Sequencing as a service is available with Illumina, 454, and Complete Genomics.
July 29, 2010 | SINGAPORE—Malaysia Genomics Resource Centre (MGRC) has announced a genome mapping pipeline service starting at $4000 per genome.
“The target market, said Robert Hercus, managing director of MGRC, “is smaller labs, hospitals, and university researchers who perhaps do not have the facilities or the bioinformaticians but want to do some sequencing.”
“We want to un-complicate the lives of the researchers who are doing wet lab biology and research,” Robert told Bio•IT World in a phone interview. He believes the service will help smaller labs that do not have the time or resources to invest in learning 10-20 open-sources packages or pay for software or hardware.
MGRC’s solution is a proprietary pipeline for processing genomic data. MGRC does the processing and analysis and returns their findings to the lab for validation. The service takes about a week for each genome. Data is sent to MGRC on a terabyte disc by courier. MGRC accepts sequence data from Illumina, 454, and Complete Genomics said Hercus, and, “MGRC hopes to later offer Ion Torrent and PacBio as well.”
Once the data has arrived, MGRC does pre-processing to “clean up” the data, maps the reads, and then applies proprietary mutation and structural variation pipelines. All of the processing is done in-house on MGRC servers, and Hercus said the current capacity is about 100 genomes per month.
Results are returned to the customer on the same terabyte disc one week after receipt. MGRC also offers their own genome browser with which researchers can share and interact with their results.
The processing includes identification of SNPs; inserts and deletions up to three bases; and density mapping to flag copy number variations. With paired end data, the pipeline can identify structural variations such as insertions, translocations, inversions, and multi-base deletions. As a separate service, MGRC will do comparative analyses between any number of genomes.
“We have comparative results against other systems that do mapping, for example, Bowtie, SOAP and BWA, and we [make] those statistics available to customers so they can see [that] our results are more accurate than what’s currently available,” Hercus said.
“I don’t think there’s another company in the world that could take a complete human genome at 30x coverage, say 90 gigabases, and process it in one week with complete analysis, 100% finished.”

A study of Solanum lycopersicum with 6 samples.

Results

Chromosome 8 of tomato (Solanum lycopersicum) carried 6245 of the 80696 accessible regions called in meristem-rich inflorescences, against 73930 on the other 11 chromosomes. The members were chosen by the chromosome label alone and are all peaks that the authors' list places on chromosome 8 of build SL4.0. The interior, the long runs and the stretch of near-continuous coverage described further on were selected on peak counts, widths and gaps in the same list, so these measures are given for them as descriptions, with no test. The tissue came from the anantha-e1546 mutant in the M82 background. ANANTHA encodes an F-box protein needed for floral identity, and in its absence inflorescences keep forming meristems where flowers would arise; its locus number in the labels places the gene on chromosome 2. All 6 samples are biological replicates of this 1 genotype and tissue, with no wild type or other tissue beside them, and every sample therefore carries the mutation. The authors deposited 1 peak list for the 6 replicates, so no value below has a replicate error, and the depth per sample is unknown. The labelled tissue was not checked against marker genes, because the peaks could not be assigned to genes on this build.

The service was launched in early April, and Hercus said that the company has already done some genomes, has 15 commitments, and is in talks with another 20 prospects worldwide. When asked for names, he laughed, but then mentioned that Harvard Medical School has sent several genomes. The company website lists some key “customers and partners” including Lilly, The Genome Center at Washington University, and Cancer Research UK.
In the May 13 issue of PLoS One, researchers at Brigham & Women’s Hospital in Boston published the sequencing of the Mesothelioma tumor genome.
Sequencing was done on a “human primary malignant pleural mesothelioma (MPM) tumor and matched normal tissue by using a combination of sequencing-by-synthesis and pyrosequencing methodologies to a 9.6X depth of coverage,” said the paper authors including Hercus. “Read density analysis uncovered significant aneuploidy and numerous rearrangements. Method-dependent informatics rules, which combined the results of different sequencing platforms, were developed to identify and validate candidate mutations of multiple types.”
MGRC has been around for five years and is the services subsidiary of Synamatix, a Malaysian software and bioinformatics tools company that Hercus founded in 2001. Synamatix has developed the software and tools; MGRC “provides the services to customers and looks after the bioinformatics pipeline.” MGRC also has a web portal that provides free online bioinformatics tools to users.
MGRC’s services are constantly expanding, Hercus explained, as new customers bring new challenges and opportunities as the technology advances. “We plan to eventually offer a sequencing service as well,” he said. “We have a lot of local Malaysian research institutes that want to do sequencing of human genomes, and at the moment we send that out overseas. So we believe it will be cost effective for us to have our own sequencing centre here, at least for Malaysia, if not the region.”
This article also appeared in the July-August 2010 issue of Bio-IT World Magazine. Subscriptions are free for qualifying individuals. Apply today.